Can an interethnic marriage in Singapore last?
Story of Jingyang and Sophia
On 25 March 2017, 28-year-old Chinese coal miner Chen Jingyang married his 22-year-old Russian wife Sophia by holding a wedding feats at a hotel in the Heilongjiang province.
Sophia arrived in Heihe 5 years ago to study Chinese. At university, she learned to speak Mandarin fluently. After she graduated, Sophia began working at a company in the city.
In 2016, she met Chen through a friend. Eventually, Chen plucked up enough courage to ask Sophia for her Wechat contact. He would spend all his free time chatting with Sophia after work. They soon started dating.
To Sophia, it was love at first sight. After dating Chen for a week, she took leave from work to visit Chen at the coal mine. She resigned shortly thereafter to get closer to Chen. For 2 months, she lived in a shabby environment without indoor toilets and with frogs and rats running around. These were her happiest days.
After half a year of dating, the couple decided to get married even though Chen has no asset to his name. Sophia believe that “love is the most important thing” and that they will be able to buy a home and car if they work hard together.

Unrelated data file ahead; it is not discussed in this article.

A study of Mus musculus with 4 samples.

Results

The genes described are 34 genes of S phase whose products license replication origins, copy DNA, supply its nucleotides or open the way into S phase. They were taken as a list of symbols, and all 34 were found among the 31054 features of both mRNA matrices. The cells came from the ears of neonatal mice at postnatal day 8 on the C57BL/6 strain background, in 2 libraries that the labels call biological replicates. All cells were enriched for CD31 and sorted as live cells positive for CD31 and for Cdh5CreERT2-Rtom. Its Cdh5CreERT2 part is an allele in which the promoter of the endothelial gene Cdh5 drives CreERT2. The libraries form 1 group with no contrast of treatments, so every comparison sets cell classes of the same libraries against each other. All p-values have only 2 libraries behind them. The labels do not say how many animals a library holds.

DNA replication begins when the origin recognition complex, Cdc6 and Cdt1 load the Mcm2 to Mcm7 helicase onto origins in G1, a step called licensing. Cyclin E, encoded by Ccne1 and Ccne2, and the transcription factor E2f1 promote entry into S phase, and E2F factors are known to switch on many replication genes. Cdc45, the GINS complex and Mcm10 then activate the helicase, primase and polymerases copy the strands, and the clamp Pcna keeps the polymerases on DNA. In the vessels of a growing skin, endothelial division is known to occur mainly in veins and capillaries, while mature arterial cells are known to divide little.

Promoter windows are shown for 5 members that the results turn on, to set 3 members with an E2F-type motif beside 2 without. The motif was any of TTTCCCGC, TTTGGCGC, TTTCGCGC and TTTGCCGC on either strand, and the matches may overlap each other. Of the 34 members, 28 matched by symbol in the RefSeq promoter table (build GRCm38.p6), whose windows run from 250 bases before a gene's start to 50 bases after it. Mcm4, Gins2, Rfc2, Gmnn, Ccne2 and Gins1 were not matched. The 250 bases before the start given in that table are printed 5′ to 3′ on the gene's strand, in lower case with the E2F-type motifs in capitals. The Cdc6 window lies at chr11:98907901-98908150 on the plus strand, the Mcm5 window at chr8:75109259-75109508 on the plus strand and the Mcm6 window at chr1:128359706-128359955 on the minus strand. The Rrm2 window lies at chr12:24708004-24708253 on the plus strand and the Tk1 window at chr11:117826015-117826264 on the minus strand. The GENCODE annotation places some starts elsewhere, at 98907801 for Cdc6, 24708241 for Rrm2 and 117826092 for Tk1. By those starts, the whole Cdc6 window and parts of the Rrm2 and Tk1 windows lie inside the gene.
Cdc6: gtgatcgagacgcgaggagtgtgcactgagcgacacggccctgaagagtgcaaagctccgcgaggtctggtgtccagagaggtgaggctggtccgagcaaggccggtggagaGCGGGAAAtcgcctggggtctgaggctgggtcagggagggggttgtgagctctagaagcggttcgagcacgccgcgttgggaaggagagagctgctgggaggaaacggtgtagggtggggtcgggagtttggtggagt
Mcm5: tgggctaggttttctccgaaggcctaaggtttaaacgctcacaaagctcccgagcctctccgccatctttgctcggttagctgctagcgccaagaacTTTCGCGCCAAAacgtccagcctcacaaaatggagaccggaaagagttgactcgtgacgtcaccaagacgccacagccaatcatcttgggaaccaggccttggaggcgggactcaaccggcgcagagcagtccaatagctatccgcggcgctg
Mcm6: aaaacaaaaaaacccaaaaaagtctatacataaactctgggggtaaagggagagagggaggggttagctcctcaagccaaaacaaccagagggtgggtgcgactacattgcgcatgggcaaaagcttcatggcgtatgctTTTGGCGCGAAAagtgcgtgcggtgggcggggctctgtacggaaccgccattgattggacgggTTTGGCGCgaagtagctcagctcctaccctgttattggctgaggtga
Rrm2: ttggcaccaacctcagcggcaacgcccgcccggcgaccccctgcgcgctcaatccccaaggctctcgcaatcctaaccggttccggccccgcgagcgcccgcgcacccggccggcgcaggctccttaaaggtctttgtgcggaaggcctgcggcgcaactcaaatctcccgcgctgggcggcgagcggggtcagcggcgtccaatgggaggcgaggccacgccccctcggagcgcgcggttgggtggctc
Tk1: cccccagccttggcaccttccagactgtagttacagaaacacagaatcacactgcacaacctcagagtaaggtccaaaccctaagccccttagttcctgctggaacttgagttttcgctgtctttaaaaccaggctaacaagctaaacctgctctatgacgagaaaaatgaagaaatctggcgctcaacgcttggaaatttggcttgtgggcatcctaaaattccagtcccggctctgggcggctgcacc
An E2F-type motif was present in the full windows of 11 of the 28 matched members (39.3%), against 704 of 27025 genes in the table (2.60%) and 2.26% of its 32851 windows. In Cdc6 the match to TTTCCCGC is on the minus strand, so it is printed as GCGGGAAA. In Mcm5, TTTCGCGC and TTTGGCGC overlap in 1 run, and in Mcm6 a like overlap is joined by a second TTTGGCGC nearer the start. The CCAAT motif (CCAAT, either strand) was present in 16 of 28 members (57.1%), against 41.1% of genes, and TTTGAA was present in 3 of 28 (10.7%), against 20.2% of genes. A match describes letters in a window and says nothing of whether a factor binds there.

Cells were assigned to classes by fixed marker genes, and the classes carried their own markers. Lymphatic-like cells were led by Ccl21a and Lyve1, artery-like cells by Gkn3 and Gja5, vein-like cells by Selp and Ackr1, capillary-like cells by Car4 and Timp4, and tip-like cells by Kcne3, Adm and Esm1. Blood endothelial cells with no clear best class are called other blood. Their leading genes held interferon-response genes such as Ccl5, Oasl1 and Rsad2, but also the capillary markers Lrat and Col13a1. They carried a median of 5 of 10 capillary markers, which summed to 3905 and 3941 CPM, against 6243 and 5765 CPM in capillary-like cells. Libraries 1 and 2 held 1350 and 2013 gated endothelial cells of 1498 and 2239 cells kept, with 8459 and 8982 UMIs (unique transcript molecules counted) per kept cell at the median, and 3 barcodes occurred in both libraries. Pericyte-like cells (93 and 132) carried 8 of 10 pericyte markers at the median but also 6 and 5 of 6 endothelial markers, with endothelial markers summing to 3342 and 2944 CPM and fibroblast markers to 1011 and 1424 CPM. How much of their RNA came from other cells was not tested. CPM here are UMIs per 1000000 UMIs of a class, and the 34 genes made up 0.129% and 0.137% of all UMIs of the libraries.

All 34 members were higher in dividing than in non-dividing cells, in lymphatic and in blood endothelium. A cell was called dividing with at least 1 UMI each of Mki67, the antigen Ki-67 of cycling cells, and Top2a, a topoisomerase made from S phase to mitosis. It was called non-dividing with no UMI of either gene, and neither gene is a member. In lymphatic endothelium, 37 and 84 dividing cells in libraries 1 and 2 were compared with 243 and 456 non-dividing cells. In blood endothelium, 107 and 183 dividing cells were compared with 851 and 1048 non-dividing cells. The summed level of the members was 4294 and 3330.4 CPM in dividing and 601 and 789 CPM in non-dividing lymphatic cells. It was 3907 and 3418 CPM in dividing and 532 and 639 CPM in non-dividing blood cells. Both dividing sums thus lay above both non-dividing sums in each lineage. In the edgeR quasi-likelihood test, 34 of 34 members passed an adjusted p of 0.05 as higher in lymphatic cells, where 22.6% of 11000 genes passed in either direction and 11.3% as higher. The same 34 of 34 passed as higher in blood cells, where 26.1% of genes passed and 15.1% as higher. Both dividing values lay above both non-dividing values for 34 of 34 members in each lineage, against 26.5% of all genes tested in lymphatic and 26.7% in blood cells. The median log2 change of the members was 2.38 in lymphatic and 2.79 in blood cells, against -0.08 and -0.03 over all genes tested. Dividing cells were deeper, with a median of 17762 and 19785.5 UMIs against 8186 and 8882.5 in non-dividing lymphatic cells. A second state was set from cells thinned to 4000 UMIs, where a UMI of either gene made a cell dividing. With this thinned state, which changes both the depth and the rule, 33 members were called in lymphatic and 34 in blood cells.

Chen has quit his job as a miner and the couple has plans to start a business in Russia.
See: Alex Linder, “Chinese coal miner has no flat, no car. Russian woman marries him anyway for love”, Shanghaiist, 30 March 2017
As a divorce lawyer who conducts hundreds of divorce cases a year, I have seen how some interethnic marriages in Singapore fall apart because of cultural differences. One has to realise that a marriage is not just about 2 people. It involves 2 families, cultures and even communities in some cases!
Sometimes, it is not the fault of either party if the marriage ends in a divorce.
Can an interethnic marriage in Singapore last? Do you have an interethnic marriage in Singapore?